Sport training post lockdown

Athletes are rearing to return to sport after lockdown.

Life is slowly returning to “the new normal” across the globe as nations ease lockdown regulations after the novel coronavirus pandemic. In the sporting world, professionals and weekend warriors alike are raring to go back to training and competition. But while many would have kept training to the best of their abilities through quarantine, this doesn’t mean they’re ready to bounce back. Patience will be key and, despite the excitement (in some cases desperation) to get going, the return to competitive sport will need to be gradual at all levels.

Many athletes, youth and adult, participate in sport not only to maintain health, compete and improve skills, but also to have fun and socialize. From a mental wellbeing aspect, the sooner they return to sport the better given the stressful conditions imposed on all by the lockdown. However, from a physical wellbeing aspect, there are two serious risk factors to consider when returning. Firstly; there is the increased risk of contracting the virus itself. Despite the best intentions and regulations to prevent this, increased interaction with people and equipment will inevitably increase risk of infection. Secondly; there is a very real increased risk of injury after the extended period of reduced physical activity. Despite the best efforts to keep training through the lockdown, most athletes will be less conditioned than they realize, and sudden high intensity training and competition could result in a spike of serious injuries.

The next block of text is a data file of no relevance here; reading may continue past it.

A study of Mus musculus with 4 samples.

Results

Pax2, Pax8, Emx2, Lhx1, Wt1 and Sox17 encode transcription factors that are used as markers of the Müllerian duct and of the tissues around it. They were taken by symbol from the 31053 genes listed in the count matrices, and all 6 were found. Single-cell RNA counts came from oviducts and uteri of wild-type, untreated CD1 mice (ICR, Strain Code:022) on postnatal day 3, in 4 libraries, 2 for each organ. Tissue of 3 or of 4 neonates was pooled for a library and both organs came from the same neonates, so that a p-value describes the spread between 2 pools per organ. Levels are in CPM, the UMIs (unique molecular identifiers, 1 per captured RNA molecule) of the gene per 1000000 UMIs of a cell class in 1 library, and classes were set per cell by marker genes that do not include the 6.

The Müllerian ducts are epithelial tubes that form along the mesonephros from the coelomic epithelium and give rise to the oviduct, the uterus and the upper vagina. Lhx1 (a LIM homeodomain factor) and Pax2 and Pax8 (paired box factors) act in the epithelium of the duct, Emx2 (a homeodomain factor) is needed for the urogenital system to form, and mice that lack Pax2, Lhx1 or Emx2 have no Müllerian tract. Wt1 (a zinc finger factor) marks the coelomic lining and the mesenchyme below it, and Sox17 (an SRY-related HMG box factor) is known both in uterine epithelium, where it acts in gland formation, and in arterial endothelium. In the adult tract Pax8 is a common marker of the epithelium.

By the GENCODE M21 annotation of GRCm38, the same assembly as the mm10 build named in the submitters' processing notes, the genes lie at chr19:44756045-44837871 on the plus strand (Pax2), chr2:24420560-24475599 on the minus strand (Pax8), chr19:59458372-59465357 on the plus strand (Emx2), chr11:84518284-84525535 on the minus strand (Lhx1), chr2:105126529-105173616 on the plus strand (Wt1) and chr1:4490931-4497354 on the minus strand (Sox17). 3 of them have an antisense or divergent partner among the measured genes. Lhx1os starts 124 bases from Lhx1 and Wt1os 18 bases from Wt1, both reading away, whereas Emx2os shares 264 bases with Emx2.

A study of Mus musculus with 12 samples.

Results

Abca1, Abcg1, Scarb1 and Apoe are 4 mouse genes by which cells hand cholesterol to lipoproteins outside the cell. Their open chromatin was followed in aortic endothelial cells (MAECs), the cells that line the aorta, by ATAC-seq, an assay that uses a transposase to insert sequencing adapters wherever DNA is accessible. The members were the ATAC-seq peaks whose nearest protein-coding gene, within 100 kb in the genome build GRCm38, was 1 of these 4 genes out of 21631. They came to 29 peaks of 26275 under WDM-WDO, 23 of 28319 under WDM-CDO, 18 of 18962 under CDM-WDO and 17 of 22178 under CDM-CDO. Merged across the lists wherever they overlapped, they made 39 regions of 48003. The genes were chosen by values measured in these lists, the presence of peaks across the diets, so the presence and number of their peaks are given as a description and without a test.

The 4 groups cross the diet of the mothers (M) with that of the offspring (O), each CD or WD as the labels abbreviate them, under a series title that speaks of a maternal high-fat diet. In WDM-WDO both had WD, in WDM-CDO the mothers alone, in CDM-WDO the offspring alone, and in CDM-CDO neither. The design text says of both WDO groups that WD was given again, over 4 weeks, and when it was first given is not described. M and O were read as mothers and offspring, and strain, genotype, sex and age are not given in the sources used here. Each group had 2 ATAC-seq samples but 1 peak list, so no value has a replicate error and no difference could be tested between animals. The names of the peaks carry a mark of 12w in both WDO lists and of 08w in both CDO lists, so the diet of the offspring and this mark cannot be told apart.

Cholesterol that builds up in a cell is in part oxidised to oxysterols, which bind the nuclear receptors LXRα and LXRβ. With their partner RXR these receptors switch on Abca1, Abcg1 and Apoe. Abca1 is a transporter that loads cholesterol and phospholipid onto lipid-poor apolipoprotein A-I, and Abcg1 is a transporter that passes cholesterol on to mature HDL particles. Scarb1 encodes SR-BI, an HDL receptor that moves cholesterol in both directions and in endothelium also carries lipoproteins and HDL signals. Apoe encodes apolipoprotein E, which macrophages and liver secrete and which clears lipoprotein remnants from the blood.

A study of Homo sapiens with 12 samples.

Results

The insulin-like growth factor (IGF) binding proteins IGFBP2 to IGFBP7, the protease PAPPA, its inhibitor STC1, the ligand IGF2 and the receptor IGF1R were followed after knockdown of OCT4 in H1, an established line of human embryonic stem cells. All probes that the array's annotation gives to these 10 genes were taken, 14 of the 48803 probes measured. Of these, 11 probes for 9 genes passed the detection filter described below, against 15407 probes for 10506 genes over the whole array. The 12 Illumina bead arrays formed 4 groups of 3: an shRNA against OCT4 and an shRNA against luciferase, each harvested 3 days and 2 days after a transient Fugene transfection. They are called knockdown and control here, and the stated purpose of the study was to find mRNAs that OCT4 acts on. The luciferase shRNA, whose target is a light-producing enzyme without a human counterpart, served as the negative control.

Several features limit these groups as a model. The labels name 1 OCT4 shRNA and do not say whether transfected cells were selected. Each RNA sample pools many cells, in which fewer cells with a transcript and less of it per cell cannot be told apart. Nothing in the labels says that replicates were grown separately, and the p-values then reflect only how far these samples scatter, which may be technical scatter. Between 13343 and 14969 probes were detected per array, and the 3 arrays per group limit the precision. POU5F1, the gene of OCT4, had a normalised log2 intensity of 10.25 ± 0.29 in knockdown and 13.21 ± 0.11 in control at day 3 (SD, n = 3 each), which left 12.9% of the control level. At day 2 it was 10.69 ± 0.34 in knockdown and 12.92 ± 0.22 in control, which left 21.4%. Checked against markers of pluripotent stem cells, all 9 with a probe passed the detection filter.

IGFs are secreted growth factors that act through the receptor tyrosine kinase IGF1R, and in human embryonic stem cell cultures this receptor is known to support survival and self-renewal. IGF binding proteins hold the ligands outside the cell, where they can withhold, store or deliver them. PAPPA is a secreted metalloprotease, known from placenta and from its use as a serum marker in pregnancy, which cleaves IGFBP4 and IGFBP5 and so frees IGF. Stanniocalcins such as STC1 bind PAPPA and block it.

Be responsible.

You do not want to contract COVID-19. Getting infected could put you, or people you know or interact with in mortal danger. There is no best-case scenario because even if you contract it and are asymptomatic, not knowing you have it could result in the infection of people around you who are not so lucky. Your health and the health of those around you is more important than any sporting goals you may have. Follow all the regulations and be disciplined. Limit interactions with people by training only in small consistent groups, maintain social distancing wherever possible and avoid making contact.

Don’t expect to start where you left off.

Despite wanting to make up for lost time by giving everything you have from the start your body may not be ready for this. The first step to safely returning to sports participation is understanding the effects of isolation due to lockdown on your physical state. Many athletes will have reduced muscle mass, neuromuscular function, aerobic capacity and may have increased body fat. Youth athletes may have grown substantially during the lockdown period which could result in substantial changes in their strength and fitness. Resume training gradually and build up conditioning slowly. You will be sore and surprised by your performances – give yourself time to get back to where you left off.

Returning to sport post lockdown.

You’ll be back in peak action in no time! We all in this together! You got this!


Amy Bathgate
About the Author
Amy Bathgate is the Operations Manager at VS Sports, playing an integral role in product development, innovation, and design, and heading up a team of enthusiastic analysts working towards transforming the way sport is analyzed, scouted, and experienced. With over a decade of expertise in consulting, biomechanics, and performance analysis across various disciplines and levels, she understands that the little details make a big difference. One of her passions and specialties is swimming, and she assists and drives athletes and coaches to achieve their performance potentials using stroke and race analysis to better their understanding of the complexities of the sport in order to go faster and train and perform more efficiently. Amy is also a Dartfish Certified Instructor, certified in Functional Movement Screening, and a former lecturer at the University of Pretoria.